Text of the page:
I'M PLANNING A TRIP TO GREECE, PORTUGAL AND/OR SPAIN FOR TWO TO THREE WEEKS WITH MY 70-YEAR-OLD MOTHER WHO HAS CHRONIC BACK PROBLEMS. WE'D LIKE TO AVOID LONG BUS RIDES. CAN YOU SUGGEST A STOPOVER? IS SEPTEMBER/OCTOBER A GOOD TIME TO GO?
H. LAI, RYDE, NSW
A cruise might be a better option for you and your mother. Travelling on trains and buses with a bad back is not much fun, and if her condition flares up it's going to make travel difficult. Stairs, cobblestones and even something as simple as unfamiliar mattresses can cause pain. If you travel in a group you'll be moving fairly quickly and most itineraries don't allow much time for relaxation and recovery. If you travel independently, your mother's condition probably means you'll have to handle all the baggage yourself, and that's tough.
By contrast, a cruise ship is your floating hotel. Once you're on board, you don't have to go anywhere, the ship does it all for you. You only have to unpack once, there's a big choice of dining and entertainment close at hand and good medical facilities on board. If your mother doesn't feel like taking part in a particular shore excursion, she can stay on board and there's still plenty to keep her occupied. It can also be good value since your accommodation, food and transport are paid for in advance. In the Mediterranean countries you mention you have a big choice of cruise ships and itineraries. See Cruise Express cruiseexpress.com.au.
The stopover cities of Singapore, Hong Kong, Bangkok and Shanghai generally offer a better choice of activities and cheaper hotels than the Middle Eastern airports.
September and October are excellent months for travel in Mediterranean Europe.
I RECENTLY EXPERIENCED A 12-HOUR DELAY IN ABU DHABI, FLYING WITH ETIHAD AIRLINES, DUE TO "HEAVY SNOW IN NEW YORK". DOES AN AIRLINE HAVE ANY RESPONSIBILITY TO COMPENSATE PASSENGERS FOR THIS DELAY?
A. KNOTT, WOOLLAHRA, NSW
The rights and responsibilities an airline has to its passengers are covered by the airline's Conditions of Carriage. Essentially, the airline acknowledges that the payment of a fare guarantees the airline will transport the passenger from their origin to their destination with due care and diligence. It will also include words to the effect that flights may be delayed by technical problems and events beyond its control. Although in some jurisdictions an airline must pay compensation if a flight is delayed for several hours due to its own failings, in your case the delay was caused by an unforeseen event, and beyond the airline's control. Therefore the airline is not liable to pay compensation. In a case such as yours, if you have suffered loss or inconvenience as a result of the delay, you might turn to your travel insurer.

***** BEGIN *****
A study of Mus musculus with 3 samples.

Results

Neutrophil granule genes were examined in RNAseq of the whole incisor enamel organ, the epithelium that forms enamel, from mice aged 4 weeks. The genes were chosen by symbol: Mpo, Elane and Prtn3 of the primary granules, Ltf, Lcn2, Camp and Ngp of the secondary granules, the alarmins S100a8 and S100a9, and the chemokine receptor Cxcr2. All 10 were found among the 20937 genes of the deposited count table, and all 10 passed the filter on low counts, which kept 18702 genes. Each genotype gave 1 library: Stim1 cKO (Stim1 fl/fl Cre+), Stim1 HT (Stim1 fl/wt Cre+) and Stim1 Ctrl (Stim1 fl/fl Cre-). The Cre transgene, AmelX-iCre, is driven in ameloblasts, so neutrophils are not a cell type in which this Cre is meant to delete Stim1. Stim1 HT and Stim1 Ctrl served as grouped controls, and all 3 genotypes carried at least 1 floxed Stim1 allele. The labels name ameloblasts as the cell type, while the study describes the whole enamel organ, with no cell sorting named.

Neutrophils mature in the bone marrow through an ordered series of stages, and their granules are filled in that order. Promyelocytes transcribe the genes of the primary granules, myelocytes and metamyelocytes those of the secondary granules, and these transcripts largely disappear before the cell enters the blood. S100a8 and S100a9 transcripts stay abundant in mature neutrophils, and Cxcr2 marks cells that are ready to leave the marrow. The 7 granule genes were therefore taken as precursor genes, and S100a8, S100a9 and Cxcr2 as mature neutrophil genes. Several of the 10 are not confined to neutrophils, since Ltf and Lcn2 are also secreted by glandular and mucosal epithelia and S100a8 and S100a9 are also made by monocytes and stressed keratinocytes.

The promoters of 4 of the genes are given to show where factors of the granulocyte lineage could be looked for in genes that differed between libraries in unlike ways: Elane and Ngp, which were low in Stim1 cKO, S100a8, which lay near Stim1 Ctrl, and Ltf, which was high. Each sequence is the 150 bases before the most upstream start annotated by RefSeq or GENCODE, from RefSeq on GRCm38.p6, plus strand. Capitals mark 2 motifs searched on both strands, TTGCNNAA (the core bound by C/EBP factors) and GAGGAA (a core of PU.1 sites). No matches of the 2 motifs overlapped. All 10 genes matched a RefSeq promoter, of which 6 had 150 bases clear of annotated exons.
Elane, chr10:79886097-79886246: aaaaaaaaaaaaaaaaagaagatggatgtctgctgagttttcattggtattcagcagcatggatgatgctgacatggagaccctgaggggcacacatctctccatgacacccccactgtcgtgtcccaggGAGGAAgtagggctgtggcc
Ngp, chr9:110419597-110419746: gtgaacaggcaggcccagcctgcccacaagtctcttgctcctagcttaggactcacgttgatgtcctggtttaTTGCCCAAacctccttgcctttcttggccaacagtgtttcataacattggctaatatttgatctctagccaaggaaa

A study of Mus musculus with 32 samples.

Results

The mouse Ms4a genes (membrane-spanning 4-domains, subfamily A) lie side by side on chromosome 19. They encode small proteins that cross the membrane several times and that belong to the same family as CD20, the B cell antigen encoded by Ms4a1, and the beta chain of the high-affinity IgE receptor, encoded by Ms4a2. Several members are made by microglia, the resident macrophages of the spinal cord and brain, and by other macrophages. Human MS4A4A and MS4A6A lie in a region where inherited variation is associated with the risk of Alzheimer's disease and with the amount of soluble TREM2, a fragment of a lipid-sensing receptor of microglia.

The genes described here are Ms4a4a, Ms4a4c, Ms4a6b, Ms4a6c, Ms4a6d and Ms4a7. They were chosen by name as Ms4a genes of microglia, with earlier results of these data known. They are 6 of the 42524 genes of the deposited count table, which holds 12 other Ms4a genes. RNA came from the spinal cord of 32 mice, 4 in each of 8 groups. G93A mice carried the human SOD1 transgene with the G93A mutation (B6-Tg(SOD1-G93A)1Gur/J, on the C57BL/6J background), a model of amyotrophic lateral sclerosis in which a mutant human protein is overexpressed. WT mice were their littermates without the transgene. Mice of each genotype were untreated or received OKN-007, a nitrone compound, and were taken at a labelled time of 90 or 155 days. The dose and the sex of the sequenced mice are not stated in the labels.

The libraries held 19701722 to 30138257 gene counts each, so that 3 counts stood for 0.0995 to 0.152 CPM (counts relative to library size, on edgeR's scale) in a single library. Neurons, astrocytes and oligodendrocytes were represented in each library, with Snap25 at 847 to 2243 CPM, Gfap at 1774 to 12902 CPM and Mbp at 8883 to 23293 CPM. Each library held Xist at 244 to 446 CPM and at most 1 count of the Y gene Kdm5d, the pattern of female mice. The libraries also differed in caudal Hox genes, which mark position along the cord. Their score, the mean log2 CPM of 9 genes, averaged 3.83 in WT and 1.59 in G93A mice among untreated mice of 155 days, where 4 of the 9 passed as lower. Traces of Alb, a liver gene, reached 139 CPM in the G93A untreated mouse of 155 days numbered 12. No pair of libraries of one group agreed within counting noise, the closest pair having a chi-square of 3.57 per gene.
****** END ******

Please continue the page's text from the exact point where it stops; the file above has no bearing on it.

WHAT'S THE BEST WAY TO VISIT RELATIVES ON VANCOUVER ISLAND, TORONTO AND SOUTH CAROLINA, PLUS NEW ORLEANS AND THE EAST COAST OF THE US? WOULD A ROUND-THE-WORLD TICKET, FLYING BACK THROUGH EUROPE, BE ADVISABLE?
L. CRONSHAW, NARRABEEN NSW
Round the world (RTW) tickets can be a great idea, and cost effective, but they work best if you're planning to visit at least two continents. If you plan to travel only within North America, one ticket that might work well for you is the Visit North America pass from OneWorld oneworld.com. The pass allows you to make up to 10 flights aboard American Airlines, Cathay Pacific, LAN, Qantas and their affiliates. Flight Centre flightcentre.com.au also sell various air passes and its travel agents can advise which would work best for you. If you're looking to travel at the cheapest possible price, however, flying with budget airlines might well beat the cost of any air pass.
If you plan to include some European cities in your itinerary, an RTW ticket would be the go. Both OneWorld and Star, the other major airline alliance, sell RTW tickets for travel on their member airlines but booking can be complicated. Adelaide-based RoundAbout Travel roundabouttravel.com.au is a specialist travel agency that sells RTW tickets and will save you heaps of time and probably money.
IN MAY WE HAVE FLIGHTS INTO BUDAPEST AND WE'RE THINKING OF SPENDING 2½ WEEKS IN MOLDOVA AND ROMANIA. ANY ITINERARY ADVICE REGARDING SELF-DRIVE VS ORGANISED TOURS?
B. KEOUGH, EAST KEMPSEY, NSW
Eastern Europe is a great choice for those looking to explore a slightly different side of Europe and, although it might be unfamiliar territory for Aussies, Romania sees plenty of tourists, although far fewer make it to Moldova.
All the major car-hire operators offer vehicles for hire in Romania and self-drive is a great way to go since the transport infrastructure still lags in rural areas, and that's where the heart of Romania lies. You might hire a local guide, and this is no problem to arrange through tourist offices. It appears that Avis is one of the few car-hire operators prepared to allow vehicles hired in Romania to be driven in Moldova. There is a small extra fee and also another fee for the Green Card, which you'll need to prove insurance cover. The border crossing can take some time. Travis Tourism travis.ro is a Bucharest-based travel operator that can fit you out with a self-drive vehicle and pre-booked hotel accommodation. Several itineraries are available and that's probably a trouble-free way to organise your trip.